Nasal-Temporal Variations in Local Oxygen Saturation in Healthy Controls
Published 2022 by Kelly Bisignano
Co-Author(s): Jennyffer Smith, Wendy Harrison
Program Number: 225192
Article Type: Scientific Program
Local retinal oxygen saturation is a relatively new research technique which has potential as a biomarker for diseases such as diabetes. Understanding natural variations with this technique is important to quantify pathological differences as compared to controls in future studies. The purpose of this study is to examine and identify regional differences in oxygen saturation around the macula and how they relate to age and blood pressure.
50 healthy subjects aged 22-69 (mean 35± 13 years) were recruited for this study. Local retinal oxygen saturation was taken with the Zilia Oximeter (Quebec, Canada) in 4 locations around the macula 3.1 degrees from the fovea (superior temporal, superior nasal, inferior temporal and inferior nasal). Each quadrant was compared to the other individually, as well as combining regions to compare nasal, temporal, superior, and inferior. All subjects were confirmed to have no diabetes via normal HbA1c values. Blood pressure was also evaluated. Regression analyses were used to evaluate the relationship between oxygen saturation and other factors. T-tests were used with corrections for multiple comparisons to evaluate regions.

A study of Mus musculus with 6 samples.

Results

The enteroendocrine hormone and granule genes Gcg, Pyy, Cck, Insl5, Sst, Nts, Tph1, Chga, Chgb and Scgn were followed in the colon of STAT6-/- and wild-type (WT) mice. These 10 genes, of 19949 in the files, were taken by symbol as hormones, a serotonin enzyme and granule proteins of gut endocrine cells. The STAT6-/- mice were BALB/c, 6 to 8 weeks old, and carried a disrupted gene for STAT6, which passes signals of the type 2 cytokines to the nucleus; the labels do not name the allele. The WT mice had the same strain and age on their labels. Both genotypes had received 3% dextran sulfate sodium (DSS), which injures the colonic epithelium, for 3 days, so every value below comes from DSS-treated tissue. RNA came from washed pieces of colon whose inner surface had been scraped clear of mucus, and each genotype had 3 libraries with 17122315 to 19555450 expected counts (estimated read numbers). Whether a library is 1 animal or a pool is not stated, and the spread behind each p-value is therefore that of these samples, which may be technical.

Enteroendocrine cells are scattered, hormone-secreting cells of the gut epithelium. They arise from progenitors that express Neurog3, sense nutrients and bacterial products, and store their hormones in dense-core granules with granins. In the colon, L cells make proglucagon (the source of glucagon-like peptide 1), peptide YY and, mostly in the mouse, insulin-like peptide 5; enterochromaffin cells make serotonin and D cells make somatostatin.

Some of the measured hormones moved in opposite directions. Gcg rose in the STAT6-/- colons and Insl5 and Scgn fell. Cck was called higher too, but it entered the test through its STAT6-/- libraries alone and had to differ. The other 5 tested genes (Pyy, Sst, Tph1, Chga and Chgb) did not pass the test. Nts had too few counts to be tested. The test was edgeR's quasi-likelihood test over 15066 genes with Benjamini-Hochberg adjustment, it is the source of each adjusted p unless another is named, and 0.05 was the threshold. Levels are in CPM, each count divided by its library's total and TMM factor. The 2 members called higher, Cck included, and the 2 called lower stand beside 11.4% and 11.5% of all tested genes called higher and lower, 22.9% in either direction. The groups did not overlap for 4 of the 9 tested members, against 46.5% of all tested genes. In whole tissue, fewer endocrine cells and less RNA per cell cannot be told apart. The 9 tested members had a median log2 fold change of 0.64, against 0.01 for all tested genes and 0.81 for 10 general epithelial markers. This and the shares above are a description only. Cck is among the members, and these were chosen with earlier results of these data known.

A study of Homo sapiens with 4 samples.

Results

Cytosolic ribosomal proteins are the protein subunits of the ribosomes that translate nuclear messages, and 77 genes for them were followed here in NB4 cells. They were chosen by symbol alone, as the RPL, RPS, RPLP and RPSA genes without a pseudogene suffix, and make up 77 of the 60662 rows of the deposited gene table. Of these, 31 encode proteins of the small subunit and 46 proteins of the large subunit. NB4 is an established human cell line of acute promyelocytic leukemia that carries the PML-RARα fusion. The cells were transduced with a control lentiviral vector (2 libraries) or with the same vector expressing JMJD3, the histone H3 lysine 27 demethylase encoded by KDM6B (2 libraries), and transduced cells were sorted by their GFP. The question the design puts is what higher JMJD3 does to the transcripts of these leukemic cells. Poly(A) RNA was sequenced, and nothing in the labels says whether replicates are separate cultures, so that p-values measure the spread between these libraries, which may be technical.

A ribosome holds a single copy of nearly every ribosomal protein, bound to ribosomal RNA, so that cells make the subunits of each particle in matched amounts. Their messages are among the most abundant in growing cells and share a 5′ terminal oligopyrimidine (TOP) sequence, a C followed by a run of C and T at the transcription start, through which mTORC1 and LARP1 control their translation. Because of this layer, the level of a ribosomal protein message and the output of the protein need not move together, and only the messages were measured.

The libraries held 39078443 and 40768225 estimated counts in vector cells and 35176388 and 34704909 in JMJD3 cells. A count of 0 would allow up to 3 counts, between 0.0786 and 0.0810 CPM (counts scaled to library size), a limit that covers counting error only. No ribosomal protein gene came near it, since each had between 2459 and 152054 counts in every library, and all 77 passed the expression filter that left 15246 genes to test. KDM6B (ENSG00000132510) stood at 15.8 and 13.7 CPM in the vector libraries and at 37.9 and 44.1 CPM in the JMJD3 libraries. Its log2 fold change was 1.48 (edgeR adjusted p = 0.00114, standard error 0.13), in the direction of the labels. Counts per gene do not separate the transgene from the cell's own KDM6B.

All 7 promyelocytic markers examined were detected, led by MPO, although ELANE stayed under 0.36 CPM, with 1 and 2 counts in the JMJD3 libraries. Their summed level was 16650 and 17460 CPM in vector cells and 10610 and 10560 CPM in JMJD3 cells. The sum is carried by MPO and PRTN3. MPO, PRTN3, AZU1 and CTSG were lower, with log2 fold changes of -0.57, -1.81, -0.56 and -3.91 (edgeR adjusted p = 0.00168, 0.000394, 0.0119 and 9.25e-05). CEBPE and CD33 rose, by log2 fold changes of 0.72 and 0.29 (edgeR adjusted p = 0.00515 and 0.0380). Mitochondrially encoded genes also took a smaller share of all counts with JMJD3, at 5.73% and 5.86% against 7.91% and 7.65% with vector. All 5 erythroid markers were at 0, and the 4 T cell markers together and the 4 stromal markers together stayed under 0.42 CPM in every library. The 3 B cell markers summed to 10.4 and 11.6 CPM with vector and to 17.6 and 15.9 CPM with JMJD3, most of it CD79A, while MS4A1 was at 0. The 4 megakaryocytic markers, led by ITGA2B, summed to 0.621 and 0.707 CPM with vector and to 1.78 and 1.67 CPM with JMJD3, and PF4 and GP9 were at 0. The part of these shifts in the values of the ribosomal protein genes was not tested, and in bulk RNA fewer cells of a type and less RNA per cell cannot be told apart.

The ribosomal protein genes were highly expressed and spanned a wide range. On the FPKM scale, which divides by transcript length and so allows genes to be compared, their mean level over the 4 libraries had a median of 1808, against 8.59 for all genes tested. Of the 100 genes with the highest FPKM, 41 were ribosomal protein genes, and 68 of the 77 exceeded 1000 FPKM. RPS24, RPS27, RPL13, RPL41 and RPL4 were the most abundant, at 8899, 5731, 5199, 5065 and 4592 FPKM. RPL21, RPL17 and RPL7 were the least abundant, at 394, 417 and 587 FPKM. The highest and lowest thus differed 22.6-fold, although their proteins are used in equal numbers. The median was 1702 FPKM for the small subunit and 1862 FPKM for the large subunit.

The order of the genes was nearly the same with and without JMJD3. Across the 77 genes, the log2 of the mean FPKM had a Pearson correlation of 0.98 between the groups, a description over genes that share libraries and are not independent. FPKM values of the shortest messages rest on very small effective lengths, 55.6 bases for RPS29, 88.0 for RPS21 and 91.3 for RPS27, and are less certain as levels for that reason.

There were differences in oxygen saturation around the macula. The inferior nasal region (58.5%) exhibited the highest average oxygen saturation, with the lowest in the superior temporal region (51.0%) (p<0.002 corrected t-test). Additionally, differences observed inferior temporal (53.2%) and superior nasal (57.2%) indicated an overall nasal-temporal variation (p<0.0001). This was also confirmed through averaging these regions. In 81.3% of the subjects, we found the nasal results to have higher oxygen saturation than the temporal results. There was no relationship between oxygen saturation and age (p=0.22) nor oxygen saturation and blood pressure (p=0.82 systolic, p=0.56 diastolic).
Nasal-temporal variations were observed around the macula. However, we did not find blood pressure nor age-related changes in oxygen saturation. We hypothesize these divisional oxygen saturation variations are related to the trajectory of the blood vessels around the macula as there are larger and more dense vessels nasally. This is important to note for other studies that may want to use this new technology.